Gone are the days of easily recognisable phishing emails, filled with bad grammar and spelling mistakes; welcome to a world of properly targeted, personalised campaigns that are much more believable and, to the victims, much more devastating.
What used to be a fairly easy threat to counteract through simple education, the latest phishing campaigns are becoming increasingly targeted at industry sectors or specific companies, where the motive is financial gain.
This targeting of phishing campaigns makes them spear phishing, and the technique is being increasingly seen right across the world, rapidly displacing its mostly ineffective parent.
Spear phishing emails introduce a commercial spyware kit on victim computer systems, which starts trawling for business data that could be valuable if resold on the black market. The main difference between phishing and spear phishing is the targeting of campaigns to particular victim demographics.
Criminals know that it’s easy to scrape social media platforms such as LinkedIn to acquire employee details, which are then used to automate their spam campaigns. This allows them to target individual companies or industry sectors, using emails automatically customised with the victim’s name, corporate address, contact details, etc.
The email will appear to come from a person or company that would typically communicate with the target, such as a bank, supplier or customer, used to dupe the users into opening the malware-laden attachments.
Operation Ghoul, discovered by Kaspersky Lab researchers, is an example of a recent spear phishing campaign that is targeting industrial and engineering companies in 30 different countries.
The criminal gang behind Operation Ghoul has been under surveillance since March 2015, Kaspersky reported. Yet this latest campaign, which started in June, differs from its status quo because email messages are sent to top and mid-level managers. They include a supposed payment notice accompanied by a SWIFT document from a bank in the UAE.
Once the victim opens the email attachment, they are infected by the HawkEye spyware, which is programmed to collect key strokes, clipboard data, credentials and account data from browsers, messaging clients and email clients.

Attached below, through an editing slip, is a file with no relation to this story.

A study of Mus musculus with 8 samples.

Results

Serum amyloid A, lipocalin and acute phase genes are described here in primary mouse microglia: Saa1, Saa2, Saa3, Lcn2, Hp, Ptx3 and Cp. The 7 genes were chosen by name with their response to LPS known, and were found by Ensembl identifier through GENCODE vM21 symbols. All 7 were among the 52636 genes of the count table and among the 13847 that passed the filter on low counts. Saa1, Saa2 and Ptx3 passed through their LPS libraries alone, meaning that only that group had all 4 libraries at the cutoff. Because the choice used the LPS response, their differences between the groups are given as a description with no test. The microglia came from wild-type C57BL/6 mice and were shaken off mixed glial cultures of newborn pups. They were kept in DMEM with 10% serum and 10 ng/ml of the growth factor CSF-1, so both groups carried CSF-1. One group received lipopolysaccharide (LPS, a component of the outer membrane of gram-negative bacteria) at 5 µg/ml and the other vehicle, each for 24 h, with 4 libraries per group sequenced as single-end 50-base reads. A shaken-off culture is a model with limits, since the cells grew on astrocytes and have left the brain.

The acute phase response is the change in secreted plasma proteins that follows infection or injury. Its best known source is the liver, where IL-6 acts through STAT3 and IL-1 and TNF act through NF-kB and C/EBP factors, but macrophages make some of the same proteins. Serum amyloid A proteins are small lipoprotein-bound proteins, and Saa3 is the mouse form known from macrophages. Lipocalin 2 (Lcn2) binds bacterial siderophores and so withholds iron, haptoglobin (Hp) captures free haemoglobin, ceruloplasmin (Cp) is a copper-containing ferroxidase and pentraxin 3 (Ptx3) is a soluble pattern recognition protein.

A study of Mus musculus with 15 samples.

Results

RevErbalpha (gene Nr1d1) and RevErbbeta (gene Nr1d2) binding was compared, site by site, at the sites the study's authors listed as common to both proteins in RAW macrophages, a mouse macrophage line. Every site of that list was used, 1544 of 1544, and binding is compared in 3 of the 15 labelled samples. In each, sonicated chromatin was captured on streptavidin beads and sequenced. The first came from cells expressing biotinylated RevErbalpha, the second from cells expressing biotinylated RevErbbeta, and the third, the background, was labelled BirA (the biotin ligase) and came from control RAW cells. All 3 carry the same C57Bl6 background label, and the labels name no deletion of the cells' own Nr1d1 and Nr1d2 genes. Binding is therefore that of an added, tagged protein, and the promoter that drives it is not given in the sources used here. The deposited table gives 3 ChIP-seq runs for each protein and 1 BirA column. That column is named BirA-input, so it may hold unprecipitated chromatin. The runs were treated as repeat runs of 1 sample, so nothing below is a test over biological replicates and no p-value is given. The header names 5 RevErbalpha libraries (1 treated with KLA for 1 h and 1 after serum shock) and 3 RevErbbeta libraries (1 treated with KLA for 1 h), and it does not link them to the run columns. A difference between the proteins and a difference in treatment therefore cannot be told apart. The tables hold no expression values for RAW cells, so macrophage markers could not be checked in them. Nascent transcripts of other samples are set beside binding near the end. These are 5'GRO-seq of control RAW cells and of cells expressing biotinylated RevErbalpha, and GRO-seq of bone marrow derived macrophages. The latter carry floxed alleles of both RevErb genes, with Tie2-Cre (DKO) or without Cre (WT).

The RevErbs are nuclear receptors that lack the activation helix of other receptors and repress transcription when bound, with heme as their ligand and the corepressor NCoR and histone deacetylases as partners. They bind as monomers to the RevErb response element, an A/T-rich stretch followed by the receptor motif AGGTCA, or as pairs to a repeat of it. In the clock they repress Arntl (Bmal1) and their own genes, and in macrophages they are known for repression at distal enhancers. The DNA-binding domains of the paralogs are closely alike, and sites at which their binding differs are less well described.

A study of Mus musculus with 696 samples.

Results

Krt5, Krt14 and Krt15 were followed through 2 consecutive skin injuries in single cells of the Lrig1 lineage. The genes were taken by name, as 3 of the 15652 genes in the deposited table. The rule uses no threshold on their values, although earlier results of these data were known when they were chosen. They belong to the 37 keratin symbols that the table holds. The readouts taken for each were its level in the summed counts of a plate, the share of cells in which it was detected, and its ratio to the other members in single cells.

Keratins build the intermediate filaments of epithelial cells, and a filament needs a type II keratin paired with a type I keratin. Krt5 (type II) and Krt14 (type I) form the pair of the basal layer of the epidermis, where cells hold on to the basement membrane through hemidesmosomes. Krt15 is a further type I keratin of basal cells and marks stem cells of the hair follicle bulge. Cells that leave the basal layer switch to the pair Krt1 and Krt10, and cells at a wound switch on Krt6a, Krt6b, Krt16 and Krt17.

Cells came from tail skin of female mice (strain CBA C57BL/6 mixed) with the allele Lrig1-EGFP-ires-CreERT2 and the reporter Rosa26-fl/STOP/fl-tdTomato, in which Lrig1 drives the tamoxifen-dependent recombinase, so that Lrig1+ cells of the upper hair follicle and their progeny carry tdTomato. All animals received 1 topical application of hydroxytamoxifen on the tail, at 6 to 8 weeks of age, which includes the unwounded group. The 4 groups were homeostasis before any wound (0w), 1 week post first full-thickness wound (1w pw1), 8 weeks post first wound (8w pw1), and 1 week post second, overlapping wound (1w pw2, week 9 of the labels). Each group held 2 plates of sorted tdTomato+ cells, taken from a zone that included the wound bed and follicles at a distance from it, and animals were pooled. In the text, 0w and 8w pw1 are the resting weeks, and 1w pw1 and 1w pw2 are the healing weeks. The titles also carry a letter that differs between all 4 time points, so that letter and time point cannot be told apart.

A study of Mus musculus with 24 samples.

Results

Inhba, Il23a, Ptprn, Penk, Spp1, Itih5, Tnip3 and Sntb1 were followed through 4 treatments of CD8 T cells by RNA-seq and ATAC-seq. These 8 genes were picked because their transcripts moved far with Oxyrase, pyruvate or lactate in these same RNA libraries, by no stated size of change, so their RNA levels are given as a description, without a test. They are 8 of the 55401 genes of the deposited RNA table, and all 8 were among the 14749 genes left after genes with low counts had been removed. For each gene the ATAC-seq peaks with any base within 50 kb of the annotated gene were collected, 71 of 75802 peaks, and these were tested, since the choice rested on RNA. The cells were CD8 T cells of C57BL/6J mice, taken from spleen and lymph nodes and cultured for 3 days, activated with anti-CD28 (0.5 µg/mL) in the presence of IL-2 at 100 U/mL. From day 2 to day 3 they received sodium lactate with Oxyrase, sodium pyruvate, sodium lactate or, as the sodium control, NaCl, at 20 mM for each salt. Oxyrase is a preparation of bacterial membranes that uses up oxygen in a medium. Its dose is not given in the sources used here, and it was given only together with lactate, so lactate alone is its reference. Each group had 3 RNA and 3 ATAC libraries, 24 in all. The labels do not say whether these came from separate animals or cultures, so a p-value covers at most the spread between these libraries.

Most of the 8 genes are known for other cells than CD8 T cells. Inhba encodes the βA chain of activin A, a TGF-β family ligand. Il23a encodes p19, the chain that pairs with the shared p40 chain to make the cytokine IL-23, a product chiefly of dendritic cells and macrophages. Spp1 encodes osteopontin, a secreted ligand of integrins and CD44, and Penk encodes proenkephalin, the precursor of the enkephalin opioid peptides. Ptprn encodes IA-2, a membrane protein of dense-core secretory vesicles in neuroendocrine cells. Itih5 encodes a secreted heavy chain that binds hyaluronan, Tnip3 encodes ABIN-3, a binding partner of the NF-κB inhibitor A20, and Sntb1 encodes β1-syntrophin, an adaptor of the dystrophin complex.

Data is then exfiltrated to the command and control server from where it can be packaged and sold on the black market for profit. This particular campaign has targeted senior managers and executives, since the attackers know these are the staffers that have access to the most valuable information, such as intellectual property, contracts and financial accounts.
Operation Ghoul is only one among several other campaigns that are supposedly controlled by the same group, Kaspersky said.
It would seem that the criminal fraternity has now evolved its techniques from a few years ago, when carpet bombing as many emails addresses as possible with spam was the primary modus operandi. Now they use fully personalised and targeted campaigns, which take a little more investment in time up front, but offer much more profitable results.
And this is just one of many attacks targeting our businesses. Furthermore, none of the security companies have a solution to this kind of attack.
If the malware has been modified and newly compiled so that no signatures exist, it will evade traditional security technology and will compromise the target if run. AV vendors will always be playing catch-up on new malware variants, hence why Kaspersky Lab’s primary recommendation here is for “users to be extra cautious while checking and opening emails and attachments".
Which is why security awareness is the best line of defence. If your staff have a natural and intrinsic level of mistrust of everything that drops into their inbox, especially if it comes from an external source, they’ll be better equipped to spot these attacks.
Without security awareness education and testing of end user understanding, the criminals will continue to evolve and improve their campaigns, and it won’t be long before your company is the next to fall foul of their efforts.